At the present there are two ways for you to obtain a car outside of a shady newspaper advertisement with some residential address or a "for sale" sign in someone's passenger side window. You can either intend to buy the car outright either with cash or some sort of financing agreement or combination there of, or you always have the option to lease an automobile.
When you outright buy a brand new car you sign a great deal of paperwork and either fork over a certified check for the full amount of the car, or you provide a relatively small down payment and arrange for some sort of financing agreement with a major lender. Leasing is a whole other matter that has it's pros and cons. Is it right for your financial situation? And what is leasing, anyway?
When a car leaves the lot, it loses value. It may be a brand new car with a grand total of zero miles on the odometer. And even though it's essentially the same car a mile down the road, minus your butt imprints on the driver side seat, it's essentially used. It cannot be sold again as a new car. It undergoes something called depreciation. No matter what you do, no matter how well you take care of the car, you cannot reverse the process.
When you lease a car, you're not paying for the value of the car. Nor do you ever actually own the automobile outright. You're essentially paying the depreciation value plus a small interest charge so someone else can resell the car when you're done with it without incurring some sort of financial loss. When your lease is up, you turn in the car to the company you're leasing it from and shop for a brand new one to replace it.
Both buying (with and without financing) and leasing have definite advantages over one another, advantages that you should certainly take into consideration before arranging to replace your transportation. The over all monthly payments may be relatively small compared to the over all value, but a car is likely the second largest purchase after a home that most people will ever make in their financial life time. It can make or break most people, so it's important to figure our what decision is best for you.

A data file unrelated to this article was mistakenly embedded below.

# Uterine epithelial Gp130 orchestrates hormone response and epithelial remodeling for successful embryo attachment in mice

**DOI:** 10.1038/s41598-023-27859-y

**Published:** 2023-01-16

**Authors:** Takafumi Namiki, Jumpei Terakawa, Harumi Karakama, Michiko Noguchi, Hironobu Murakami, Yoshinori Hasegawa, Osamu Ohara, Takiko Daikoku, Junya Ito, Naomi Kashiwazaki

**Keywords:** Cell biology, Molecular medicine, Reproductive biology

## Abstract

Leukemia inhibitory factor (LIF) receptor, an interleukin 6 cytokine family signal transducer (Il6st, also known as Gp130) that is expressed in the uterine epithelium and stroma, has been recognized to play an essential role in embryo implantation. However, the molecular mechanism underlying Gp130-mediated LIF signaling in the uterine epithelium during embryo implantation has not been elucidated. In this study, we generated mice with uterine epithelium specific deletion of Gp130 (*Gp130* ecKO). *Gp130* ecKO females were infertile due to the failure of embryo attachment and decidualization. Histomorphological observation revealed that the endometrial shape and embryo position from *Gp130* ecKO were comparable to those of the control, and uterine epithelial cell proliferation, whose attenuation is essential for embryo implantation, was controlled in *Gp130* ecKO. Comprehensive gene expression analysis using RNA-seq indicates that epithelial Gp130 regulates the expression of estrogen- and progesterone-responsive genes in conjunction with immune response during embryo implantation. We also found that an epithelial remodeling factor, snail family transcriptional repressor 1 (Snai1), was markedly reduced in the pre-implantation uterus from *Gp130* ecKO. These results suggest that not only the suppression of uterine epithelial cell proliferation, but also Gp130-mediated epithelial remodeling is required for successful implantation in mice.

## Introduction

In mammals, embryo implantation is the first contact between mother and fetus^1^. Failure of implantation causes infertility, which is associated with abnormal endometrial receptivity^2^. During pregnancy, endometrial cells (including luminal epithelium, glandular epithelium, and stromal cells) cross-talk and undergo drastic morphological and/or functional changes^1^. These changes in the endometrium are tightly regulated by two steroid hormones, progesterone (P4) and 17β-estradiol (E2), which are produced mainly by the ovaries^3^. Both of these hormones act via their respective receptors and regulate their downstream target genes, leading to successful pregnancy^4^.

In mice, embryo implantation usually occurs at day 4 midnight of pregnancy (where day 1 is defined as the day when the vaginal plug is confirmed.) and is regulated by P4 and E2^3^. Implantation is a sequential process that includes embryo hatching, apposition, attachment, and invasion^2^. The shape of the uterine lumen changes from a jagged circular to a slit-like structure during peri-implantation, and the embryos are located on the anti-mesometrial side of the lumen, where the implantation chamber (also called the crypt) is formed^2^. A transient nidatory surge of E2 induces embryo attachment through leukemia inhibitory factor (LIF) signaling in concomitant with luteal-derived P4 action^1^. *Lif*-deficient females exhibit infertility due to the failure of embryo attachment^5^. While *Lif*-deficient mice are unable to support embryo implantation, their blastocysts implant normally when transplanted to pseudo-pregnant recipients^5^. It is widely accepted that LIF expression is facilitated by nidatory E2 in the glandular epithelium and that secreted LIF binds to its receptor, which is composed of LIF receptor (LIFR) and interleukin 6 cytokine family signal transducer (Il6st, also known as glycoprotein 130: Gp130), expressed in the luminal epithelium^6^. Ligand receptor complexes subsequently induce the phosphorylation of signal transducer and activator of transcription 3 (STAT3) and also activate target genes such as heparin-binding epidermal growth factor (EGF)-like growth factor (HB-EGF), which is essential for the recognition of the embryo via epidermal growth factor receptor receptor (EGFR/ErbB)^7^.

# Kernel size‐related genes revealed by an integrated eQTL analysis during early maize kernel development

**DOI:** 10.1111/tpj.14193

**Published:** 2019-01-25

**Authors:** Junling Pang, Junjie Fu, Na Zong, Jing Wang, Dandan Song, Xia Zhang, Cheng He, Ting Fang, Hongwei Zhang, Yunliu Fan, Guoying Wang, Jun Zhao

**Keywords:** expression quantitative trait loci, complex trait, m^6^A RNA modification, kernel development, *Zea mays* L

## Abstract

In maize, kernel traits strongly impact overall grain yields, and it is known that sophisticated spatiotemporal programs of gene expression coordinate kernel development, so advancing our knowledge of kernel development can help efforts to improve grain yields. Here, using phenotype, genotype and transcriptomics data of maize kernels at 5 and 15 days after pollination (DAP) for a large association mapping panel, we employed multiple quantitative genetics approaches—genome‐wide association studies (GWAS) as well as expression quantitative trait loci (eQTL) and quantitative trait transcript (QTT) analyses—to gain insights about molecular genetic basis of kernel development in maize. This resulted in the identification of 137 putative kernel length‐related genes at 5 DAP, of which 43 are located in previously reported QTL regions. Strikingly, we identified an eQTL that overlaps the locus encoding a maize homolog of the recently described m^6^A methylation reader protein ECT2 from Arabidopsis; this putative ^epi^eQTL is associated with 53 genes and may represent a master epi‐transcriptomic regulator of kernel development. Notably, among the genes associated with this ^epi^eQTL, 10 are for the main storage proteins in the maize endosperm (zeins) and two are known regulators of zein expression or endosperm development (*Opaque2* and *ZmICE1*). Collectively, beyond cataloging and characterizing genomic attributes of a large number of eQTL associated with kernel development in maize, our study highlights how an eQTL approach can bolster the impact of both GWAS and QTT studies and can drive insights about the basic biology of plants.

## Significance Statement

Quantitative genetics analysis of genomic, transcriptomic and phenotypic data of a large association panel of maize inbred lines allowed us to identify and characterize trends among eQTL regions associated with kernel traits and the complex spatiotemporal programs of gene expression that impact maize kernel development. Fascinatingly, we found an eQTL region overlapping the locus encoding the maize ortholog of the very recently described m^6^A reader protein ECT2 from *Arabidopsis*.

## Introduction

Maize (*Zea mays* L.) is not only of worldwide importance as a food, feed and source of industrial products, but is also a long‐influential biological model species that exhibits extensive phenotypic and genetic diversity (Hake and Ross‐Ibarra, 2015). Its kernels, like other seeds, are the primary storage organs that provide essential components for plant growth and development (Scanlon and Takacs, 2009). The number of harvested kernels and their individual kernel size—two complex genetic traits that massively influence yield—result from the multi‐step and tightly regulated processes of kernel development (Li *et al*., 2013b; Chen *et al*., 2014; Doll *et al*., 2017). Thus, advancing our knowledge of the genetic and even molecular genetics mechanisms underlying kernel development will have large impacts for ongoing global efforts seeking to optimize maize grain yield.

Let's examine some of the advantages and disadvantages.
- When you're done with your monthly payments, that's it. You completely own the car. You no longer have to worry about paying it every month. And chances are the car still runs pretty well with all things considered.
- Since you own the car outright you can either save the monthly payments, forward it to your other debts, or purchase another car should you somehow find the need. This is a great option when a teenager reaches legal driving age, you can provide them with the 5 year old family car that's been paid off while you find something a bit sportier. Since most kids can't concentrate too much on a job, they'll only have to worry about their insurance payments and maintenance.
- Lenders will occasionally rake you over the coals with really crummy interest rates and fees, especially if your credit is a little less than stellar.
- While the car should still be in more or less in working order when your loan is completely paid off, it'll still need more effort to keep it running than a brand new one.
- If you loan is paid off, it's likely that your warranty (both dealer and manufacturer) have expired. So if something goes wrong, it's almost always going to be out of your pocket.
- You always have a brand new car at all times.
- You have the freedom to switch it up at will. With leasing it's fairly easy to turn in your Mercury Sable for a BMW roadster, should you suddenly find yourself with the means to support such a drain on your checking account.
- You'll typically pay less on the same car on your monthly payments to lease versus to own.
- You'll never own the car.
- The language, terms and conditions used in lease contracts differs significantly from company to company. You will have to be extra vigilant whenever you sign the dotted line.
- You'll have to pay attention and make sure you don't violate those terms. Typically leasing a car involves mileage restrictions, accident penalties, and a whole load of really special, neat stuff.
- You'll always have to pay something
Regardless, you should always examine your current situation and foreseeable future to see what's right for you. But there is always another option. You don't have to buy a car, and you don't have to lease. You can do either or a combination thereof, as always it is your decision.